Federal Investigators Find Childcare Workers Routinely Cheated Out Of Wages

Filed under: Labor,Legal,News,Wages & Hours,Working Conditions |

Cheating daycare workers out of wages owed to them is so common, the U.S. Department of Labor’s Wage and Hour Division is conducting ongoing multistate investigations of wage law violations at childcare facilities.

Childcare providers aren't what they used to be.

Childcare providers aren’t what they used to be.

Childcare is a rapidly expanding industry that employs many low-wage, vulnerable workers. These workers who, due to a lack of knowledge of the law or unwillingness to exercise their rights, are vulnerable to poor treatment and labor law violations.

“Childcare employees work long hours looking after children’s safety, yet are often denied the wages and workplace protections guaranteed by law,” said Cynthia Watson, the Wage and Hour Division’s Southwest division regional administrator. “We are committed to strengthening compliance in this industry, which is important not just for the workers, but for all the families depending on them for quality child care services.”

The Fair Labor Standards Act (FSLA) requires that employees be paid at least the federal minimum wage of $7.25 for all hours worked. In addition, workers must also be paid plus time and one-half their regular rates, including commissions, bonuses and incentive pay, for hours worked beyond 40 per week. Employers must also maintain accurate time and payroll records.

Ongoing FSLA enforcement initiatives are underway in Arkansas, Colorado, Louisiana, Montana, New Mexico, North Dakota, South Dakota and Texas.

Since 2009, the division’s Denver office has conducted more than 100 investigations of childcare providers in its jurisdiction.

Majority Of Childcare Providers Investigated Cheat Employees

Eighty-six percent of all investigated employers were violating the FLSA. The federal government has so far recovered about $195,000 in back wages owed to more than 800 workers.

The DOL’s Wage and Hour division division is says it “vigorously” pursuing violations — including demanding payment of back wages, civil money penalties and liquidated damages — to ensure accountability and deter future violations.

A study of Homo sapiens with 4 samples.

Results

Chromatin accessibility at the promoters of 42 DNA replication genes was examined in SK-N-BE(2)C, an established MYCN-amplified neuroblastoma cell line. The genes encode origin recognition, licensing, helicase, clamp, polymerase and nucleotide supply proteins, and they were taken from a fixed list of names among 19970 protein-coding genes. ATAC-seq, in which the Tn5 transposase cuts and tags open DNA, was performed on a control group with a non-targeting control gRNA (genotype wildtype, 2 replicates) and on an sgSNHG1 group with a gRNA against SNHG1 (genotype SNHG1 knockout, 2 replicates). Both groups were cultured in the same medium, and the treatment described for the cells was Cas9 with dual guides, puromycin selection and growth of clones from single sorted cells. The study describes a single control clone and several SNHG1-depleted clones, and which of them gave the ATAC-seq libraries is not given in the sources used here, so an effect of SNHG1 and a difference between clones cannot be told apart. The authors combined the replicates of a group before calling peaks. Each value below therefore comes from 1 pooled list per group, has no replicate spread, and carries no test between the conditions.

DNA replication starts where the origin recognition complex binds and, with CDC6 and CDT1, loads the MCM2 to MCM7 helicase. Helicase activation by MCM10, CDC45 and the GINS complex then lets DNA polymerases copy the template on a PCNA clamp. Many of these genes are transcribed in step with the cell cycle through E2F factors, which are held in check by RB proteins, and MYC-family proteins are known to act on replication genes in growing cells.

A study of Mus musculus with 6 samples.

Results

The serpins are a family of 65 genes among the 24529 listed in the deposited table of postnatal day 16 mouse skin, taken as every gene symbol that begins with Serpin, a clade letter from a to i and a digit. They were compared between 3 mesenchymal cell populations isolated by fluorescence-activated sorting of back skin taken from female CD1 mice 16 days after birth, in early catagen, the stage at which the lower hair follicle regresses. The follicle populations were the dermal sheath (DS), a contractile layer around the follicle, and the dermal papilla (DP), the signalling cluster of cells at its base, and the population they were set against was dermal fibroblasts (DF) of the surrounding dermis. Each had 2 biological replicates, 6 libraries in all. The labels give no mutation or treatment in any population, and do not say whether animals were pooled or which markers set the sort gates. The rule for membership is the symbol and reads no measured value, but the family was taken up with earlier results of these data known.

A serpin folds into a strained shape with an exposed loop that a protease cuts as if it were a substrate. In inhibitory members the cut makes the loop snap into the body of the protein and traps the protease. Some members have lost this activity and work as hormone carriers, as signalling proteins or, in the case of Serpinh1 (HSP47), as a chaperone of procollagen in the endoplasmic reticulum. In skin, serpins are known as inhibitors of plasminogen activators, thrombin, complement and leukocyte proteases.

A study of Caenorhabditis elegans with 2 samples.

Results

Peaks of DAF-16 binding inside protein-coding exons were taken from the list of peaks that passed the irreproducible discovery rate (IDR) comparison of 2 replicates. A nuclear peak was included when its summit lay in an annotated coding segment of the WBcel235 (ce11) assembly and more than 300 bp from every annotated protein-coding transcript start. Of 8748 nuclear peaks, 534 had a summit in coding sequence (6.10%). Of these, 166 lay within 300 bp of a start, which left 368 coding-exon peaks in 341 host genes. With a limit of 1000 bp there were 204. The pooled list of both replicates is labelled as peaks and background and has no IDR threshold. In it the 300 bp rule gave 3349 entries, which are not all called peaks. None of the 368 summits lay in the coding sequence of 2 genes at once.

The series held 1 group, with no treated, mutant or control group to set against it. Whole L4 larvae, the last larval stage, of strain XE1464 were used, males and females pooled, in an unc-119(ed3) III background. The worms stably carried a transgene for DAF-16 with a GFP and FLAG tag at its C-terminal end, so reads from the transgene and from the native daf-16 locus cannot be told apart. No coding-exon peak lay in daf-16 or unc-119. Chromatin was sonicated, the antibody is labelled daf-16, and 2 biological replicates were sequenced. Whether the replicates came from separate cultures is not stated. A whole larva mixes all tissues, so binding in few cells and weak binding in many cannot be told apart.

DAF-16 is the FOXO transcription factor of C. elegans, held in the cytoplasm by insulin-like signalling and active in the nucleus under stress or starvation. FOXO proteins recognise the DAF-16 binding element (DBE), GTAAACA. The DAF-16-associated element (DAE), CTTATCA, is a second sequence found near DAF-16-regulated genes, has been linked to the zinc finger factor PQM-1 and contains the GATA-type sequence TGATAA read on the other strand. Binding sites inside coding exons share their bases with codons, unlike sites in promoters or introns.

Due to the severity of violations found throughout this industry, the division is documenting its structure to better target enforcement efforts.

In one recent case, Crème de la Crème, a Denver-based childcare provider with locations throughout the country, paid $41,440 in back wages owed to 354 current and former childcare workers. The payments came following a DOL investigation found overtime and record-keeping FSLA violations

Investigations found violations at 21 Crème de la Crème day care centers in Colorado, Texas, Georgia, Kansas, New Jersey, Virginia, Ohio and Illinois.

Investigators found systemic FLSA violations due to the employer’s failure to properly pay overtime hours, those beyond 40 hours in a workweek.

The violations include failing to pay employees for time spent at mandatory training courses and for work performed before or beyond scheduled shifts.

In one instance, employees were hired by the company to teach soccer and tennis at the facility. Crème de la Crème misclassified them as independent contractors and consequently denied proper compensation.

Finally, Crème de la Crème failed to maintain proper records of employees’ work hours and wages. Crème de la Crème has agreed to comply with the FLSA in the future.

“We are pleased that these workers finally will be paid their rightful wages and, as demonstrated by our ongoing initiative, will continue to investigate Colorado child care providers to remedy violations and ensure sustained compliance with the law,” Watson said.

The investigations were conducted under a multiyear enforcement initiative focused on the childcare industry in Colorado, in which widespread noncompliance with the FLSA has been found.

Due to the severity of violations found throughout this industry, the division is documenting its structure to better target enforcement efforts.

As part of the initiatives, the division continues to provide compliance assistance and education to employers and industry associations regarding FLSA requirements and the consequences of violating the law.

Wage and Hour Division is also reaching out to workers, employee associations, community organizations, state licensing agencies and others to inform them of the ongoing initiative and encourage participation in promoting compliance.

For more information about federal wage laws call the DOL’s Wage and Hour Division toll-free helpline at 866-4US-WAGE (487-9243) or its Denver office at 720-264-3250. Information also is available at http://www.dol.gov/whd/.